Do you secretly wish you could produce photos that would take people’s breath away? There’s no better time than now to pursue your dream!
We chatted with Thunder Bay photographer Barry Wojciechowski and our own Discovery Program/Marketing Specialist Barb Rees who shared these five tips for capturing award-winning nature photographs.
Tip #1: Buy a camera that suits your needs and budget
There are three basic cameras to choose from: point and shoot (compact and portable, but limited zoom), bridge (great zoom capabilities with a fixed lens) and digital single lens reflex or DLRS (a variety of lens options for different purposes). All can produce stunning photos – if used properly.
You will also probably want to get a tripod or monopod which will help give you sharper images. An extra memory card and battery are also good investments.
Tip #2: Read the manual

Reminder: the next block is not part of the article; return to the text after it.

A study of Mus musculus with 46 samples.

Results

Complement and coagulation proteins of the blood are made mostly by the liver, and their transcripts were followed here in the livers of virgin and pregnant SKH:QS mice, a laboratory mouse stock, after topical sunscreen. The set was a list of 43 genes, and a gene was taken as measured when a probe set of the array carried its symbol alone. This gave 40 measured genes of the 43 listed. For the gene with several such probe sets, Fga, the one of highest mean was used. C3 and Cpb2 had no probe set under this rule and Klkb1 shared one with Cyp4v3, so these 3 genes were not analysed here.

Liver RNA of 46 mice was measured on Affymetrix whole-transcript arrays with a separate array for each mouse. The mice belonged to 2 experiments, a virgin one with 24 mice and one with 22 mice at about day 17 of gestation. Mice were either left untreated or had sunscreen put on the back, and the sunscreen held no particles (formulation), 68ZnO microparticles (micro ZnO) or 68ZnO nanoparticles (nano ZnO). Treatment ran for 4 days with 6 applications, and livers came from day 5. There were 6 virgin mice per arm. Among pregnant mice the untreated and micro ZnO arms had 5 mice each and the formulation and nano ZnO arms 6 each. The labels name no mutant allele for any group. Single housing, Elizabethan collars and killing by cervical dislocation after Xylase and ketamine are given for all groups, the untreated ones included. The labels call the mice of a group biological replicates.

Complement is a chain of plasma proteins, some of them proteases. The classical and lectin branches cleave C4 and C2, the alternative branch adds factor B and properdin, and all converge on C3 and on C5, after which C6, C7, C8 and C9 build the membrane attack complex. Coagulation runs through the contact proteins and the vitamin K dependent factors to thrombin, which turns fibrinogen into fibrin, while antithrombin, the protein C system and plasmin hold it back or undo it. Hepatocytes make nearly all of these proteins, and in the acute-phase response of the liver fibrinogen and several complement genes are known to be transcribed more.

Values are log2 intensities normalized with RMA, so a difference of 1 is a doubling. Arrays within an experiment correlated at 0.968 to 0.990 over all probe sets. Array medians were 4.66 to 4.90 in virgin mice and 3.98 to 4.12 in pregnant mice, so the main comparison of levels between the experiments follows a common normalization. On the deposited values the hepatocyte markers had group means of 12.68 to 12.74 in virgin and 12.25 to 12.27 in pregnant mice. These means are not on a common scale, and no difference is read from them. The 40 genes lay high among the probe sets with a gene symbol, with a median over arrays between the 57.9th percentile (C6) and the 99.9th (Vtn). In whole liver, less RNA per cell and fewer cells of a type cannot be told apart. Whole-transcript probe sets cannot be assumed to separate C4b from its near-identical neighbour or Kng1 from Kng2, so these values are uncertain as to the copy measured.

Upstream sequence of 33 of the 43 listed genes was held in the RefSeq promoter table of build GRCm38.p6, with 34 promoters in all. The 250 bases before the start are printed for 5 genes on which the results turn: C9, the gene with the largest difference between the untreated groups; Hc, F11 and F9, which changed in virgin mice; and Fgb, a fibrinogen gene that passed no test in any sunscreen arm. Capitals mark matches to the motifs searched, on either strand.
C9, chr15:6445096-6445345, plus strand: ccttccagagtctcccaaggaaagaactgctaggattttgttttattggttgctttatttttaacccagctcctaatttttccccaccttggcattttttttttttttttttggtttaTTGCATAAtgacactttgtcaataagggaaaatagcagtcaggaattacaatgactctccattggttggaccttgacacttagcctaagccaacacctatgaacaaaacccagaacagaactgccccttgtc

This may seem obvious, but so many of us skip this step. New photographers often keep the setting on “auto,” but if you want to take exceptional nature photos, you need to know what your camera can do.
Once you’ve read about all the functions, start playing with your camera. Get to really know it and what you can do with it. You can even save your manual digitally on your phone!
Tip #3: Take a class or workshop that focuses on nature photography
Some colleges offer photography classes, as do many naturalist clubs. You can learn so much from even a few sessions with an expert, and it will help you “focus” on what you want to capture.
Don’t forget to read up on your subject. Are you focused on close-ups of flowers and insects? More interested in sunsets and sunrises? Or are you hoping to capture birds and animals on film? The more you know about your subject, the stronger your photos will be.
Tip #4: Join a photo club
This is a great way to hone your skills. Most clubs have group outings and photo challenges where members review and critique each other’s work, which is very helpful.
Tip #5: Install a few key apps
A growing number of photography-themed apps help camera enthusiasts capture the best shots at different times of the year. They can help by calculating exposures, depth of field, time lapse, shutter speed, weather forecasts – even Northern lights predictions – and much more.
Practice makes perfect, so grab your camera and get outside!